Oops! Ted Cruz unwittingly makes a powerful argument for 'amnesty' while bashing Rubio
Ted Cruz ad (Screenshot)

Ted Cruz's campaign is out with a devastatingly effective ad attacking Marco Rubio on immigration. Its killer crescendo features short clips of Rubio and Barack Obama echoing the same points about comprehensive immigration reform.


Speaking of the “gang of eight” comprehensive immigration reform bill Rubio sponsored in 2013, Obama and Rubio lay out some of the hoops that undocumented immigrants would have to jump through in order to gain legal status...

Rubio: They'd still have to qualify for it, meaning...

Obama: ...passing a background check...

Rubio: ...pass a background check...

Obama: … paying a penalty...

Rubio: … pay a fine...

Obama: … paying taxes...

Rubio: … start paying taxes...

Obama: … it won't be a quick process...

Rubio: … that is a long path...

Obama: … but it will be a fair process...

Rubio: … but I do think it's fair.

The ad concludes with an ominously voiced tag-line: “Marco Rubio burned us once. He shouldn't get the chance to sell us out again.”

It's hard to imagine Cruz coming up with a more effective attack for a Republican primary audience. The ad not only makes a mockery of Rubio's claim that he would never support a bill that includes “amnesty” – which is how conservatives characterize the Gang of Eight's winding “path to citizenship” – but it also paints him as an establishment toadie who's willing to cut deals with the Kenyan Interloper.

But there's a certain irony to this spot: If advocates of comprehensive immigration reform were granted one wish, it would be that every American knows that a path to citizenship is a long process that entails passing a background check, paying a fine and forking over any taxes they owe – the precise message that Ted Cruz's campaign is now paying to broadcast.

For the past ten years, polling on immigration policy has been quite stable. Only a small minority of anti-immigrant hard-liners think we should round up 11 million people and deport them. But it's also true that most Americans don't believe that people who are here illegally should get a free pass.

Ten years ago, Ruy Teixeira surveyed a bunch of polling data and concluded that “the public favors a tough, but not punitive, approach to the problem of containing illegal immigration and is willing to consider fairly generous approaches to the illegal immigrants already here, provided they feel expectations for these immigrants are high.” That remains true today. In poll after poll, only a minority of respondents say they support “amnesty,” but when you call it a “path to citizenship,” it gets majority support. And when you explain what that path entails, large majorities of Americans, including Republicans, give the idea a thumbs-up.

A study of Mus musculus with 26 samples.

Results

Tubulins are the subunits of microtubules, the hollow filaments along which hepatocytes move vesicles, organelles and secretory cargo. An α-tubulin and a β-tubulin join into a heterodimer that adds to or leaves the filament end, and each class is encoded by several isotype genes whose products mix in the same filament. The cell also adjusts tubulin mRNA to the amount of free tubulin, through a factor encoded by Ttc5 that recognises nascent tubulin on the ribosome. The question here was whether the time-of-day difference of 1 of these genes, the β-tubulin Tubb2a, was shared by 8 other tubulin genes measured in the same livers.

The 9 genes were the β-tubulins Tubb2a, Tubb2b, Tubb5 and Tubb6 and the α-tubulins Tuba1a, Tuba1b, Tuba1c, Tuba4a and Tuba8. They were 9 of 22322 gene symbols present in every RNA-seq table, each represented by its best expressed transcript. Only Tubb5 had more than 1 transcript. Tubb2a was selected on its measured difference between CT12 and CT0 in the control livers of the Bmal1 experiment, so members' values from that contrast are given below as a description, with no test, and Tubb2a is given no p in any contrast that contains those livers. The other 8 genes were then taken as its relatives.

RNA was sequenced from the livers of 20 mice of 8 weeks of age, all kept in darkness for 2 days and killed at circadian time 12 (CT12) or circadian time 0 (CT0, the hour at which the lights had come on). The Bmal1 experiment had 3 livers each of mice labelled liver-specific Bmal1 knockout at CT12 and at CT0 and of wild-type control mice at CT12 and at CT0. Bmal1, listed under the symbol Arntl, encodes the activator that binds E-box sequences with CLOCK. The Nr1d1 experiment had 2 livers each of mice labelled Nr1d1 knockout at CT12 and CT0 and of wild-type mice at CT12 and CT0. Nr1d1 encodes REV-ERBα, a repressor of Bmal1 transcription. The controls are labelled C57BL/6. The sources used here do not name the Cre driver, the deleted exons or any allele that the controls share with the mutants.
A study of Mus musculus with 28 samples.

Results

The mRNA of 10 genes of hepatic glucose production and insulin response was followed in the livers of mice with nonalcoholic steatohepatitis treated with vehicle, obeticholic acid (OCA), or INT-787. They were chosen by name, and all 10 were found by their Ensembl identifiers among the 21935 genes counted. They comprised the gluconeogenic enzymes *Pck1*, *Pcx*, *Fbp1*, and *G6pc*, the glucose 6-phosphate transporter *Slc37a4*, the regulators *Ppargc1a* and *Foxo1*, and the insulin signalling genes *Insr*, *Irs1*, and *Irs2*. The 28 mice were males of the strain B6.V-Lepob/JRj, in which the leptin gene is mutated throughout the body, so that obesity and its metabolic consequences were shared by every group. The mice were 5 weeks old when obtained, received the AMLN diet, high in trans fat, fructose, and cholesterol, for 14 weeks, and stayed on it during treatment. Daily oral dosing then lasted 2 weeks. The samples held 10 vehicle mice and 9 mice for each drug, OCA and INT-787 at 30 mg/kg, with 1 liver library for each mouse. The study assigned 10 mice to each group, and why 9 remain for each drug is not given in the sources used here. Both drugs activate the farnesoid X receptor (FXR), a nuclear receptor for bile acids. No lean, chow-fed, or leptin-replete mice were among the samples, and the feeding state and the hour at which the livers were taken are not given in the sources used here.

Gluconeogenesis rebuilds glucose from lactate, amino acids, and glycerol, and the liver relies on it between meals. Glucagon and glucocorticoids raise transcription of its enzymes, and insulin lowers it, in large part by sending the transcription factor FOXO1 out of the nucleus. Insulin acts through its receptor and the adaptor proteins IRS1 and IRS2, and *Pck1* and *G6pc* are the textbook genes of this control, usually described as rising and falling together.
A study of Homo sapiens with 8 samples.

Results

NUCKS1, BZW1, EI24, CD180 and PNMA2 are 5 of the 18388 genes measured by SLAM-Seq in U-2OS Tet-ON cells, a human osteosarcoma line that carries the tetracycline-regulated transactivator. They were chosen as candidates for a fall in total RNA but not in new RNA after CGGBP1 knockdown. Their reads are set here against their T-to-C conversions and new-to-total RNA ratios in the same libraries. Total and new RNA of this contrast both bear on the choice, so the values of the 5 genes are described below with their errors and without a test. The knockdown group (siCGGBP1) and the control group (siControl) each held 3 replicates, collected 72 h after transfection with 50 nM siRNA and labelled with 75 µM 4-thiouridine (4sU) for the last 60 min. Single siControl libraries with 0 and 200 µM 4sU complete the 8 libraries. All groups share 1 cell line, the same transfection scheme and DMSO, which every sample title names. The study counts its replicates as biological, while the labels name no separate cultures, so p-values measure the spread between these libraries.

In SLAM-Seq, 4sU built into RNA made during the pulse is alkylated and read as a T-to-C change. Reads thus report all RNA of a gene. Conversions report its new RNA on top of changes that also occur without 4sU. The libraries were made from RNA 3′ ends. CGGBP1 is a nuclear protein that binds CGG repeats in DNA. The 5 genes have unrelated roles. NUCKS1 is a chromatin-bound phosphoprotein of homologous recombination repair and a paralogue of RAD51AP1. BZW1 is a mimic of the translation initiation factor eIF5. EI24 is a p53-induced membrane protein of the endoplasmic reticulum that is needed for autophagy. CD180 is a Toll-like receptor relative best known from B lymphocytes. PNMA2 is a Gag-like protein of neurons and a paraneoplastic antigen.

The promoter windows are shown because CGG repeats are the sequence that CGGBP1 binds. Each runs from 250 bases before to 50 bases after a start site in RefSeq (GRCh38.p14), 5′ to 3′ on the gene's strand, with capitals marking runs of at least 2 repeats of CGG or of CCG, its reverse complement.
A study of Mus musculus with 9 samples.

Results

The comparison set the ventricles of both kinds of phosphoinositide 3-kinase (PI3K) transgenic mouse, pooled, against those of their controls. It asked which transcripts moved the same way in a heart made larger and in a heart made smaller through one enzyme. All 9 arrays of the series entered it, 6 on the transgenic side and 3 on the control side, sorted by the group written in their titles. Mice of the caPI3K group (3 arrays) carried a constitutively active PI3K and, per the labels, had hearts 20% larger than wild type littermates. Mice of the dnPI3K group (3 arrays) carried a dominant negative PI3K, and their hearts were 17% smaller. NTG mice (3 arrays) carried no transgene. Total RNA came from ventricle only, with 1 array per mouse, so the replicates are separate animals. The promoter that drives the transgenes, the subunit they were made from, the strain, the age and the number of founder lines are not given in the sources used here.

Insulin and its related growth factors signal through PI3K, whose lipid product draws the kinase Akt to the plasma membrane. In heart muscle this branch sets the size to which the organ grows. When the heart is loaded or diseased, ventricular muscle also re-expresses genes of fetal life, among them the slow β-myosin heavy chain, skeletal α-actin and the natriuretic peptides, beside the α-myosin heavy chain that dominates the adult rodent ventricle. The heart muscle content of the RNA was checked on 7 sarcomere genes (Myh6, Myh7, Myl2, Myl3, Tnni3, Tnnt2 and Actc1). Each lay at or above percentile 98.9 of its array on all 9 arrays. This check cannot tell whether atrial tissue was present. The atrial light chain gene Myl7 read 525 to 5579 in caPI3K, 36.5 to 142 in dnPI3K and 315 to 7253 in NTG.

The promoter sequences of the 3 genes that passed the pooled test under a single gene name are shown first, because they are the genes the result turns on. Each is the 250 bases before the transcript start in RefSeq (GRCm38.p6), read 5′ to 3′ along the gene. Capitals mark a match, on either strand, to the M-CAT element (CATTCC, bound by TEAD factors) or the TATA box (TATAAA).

An NBC News/ WSJ poll released in November of 2014 found that simply adding the words “with penalties” after “a path to citizenship” increased support for the proposal from 59 percent to 74 percent. And an ABC News/ Washington Post poll released last summer found that adding “if they pay a fine and meet other requirements” increased respondents' support for allowing undocumented immigrants to live here legally from 46 percent to 60 percent.

Cruz is vying for the support of immigration hardliners – including the 17 percent of Americans who think we should round up the “illegals” and send them packing. It's a good strategy in a Republican primary. But if this attack on Marco Rubio gets a lot of play -- and it is already generating some media buzz -- then it should reach a larger audience, and it might just teach them a thing or two about what a “path to citizenship” really means. And that's ultimately a good thing for immigration reform's long-prospects.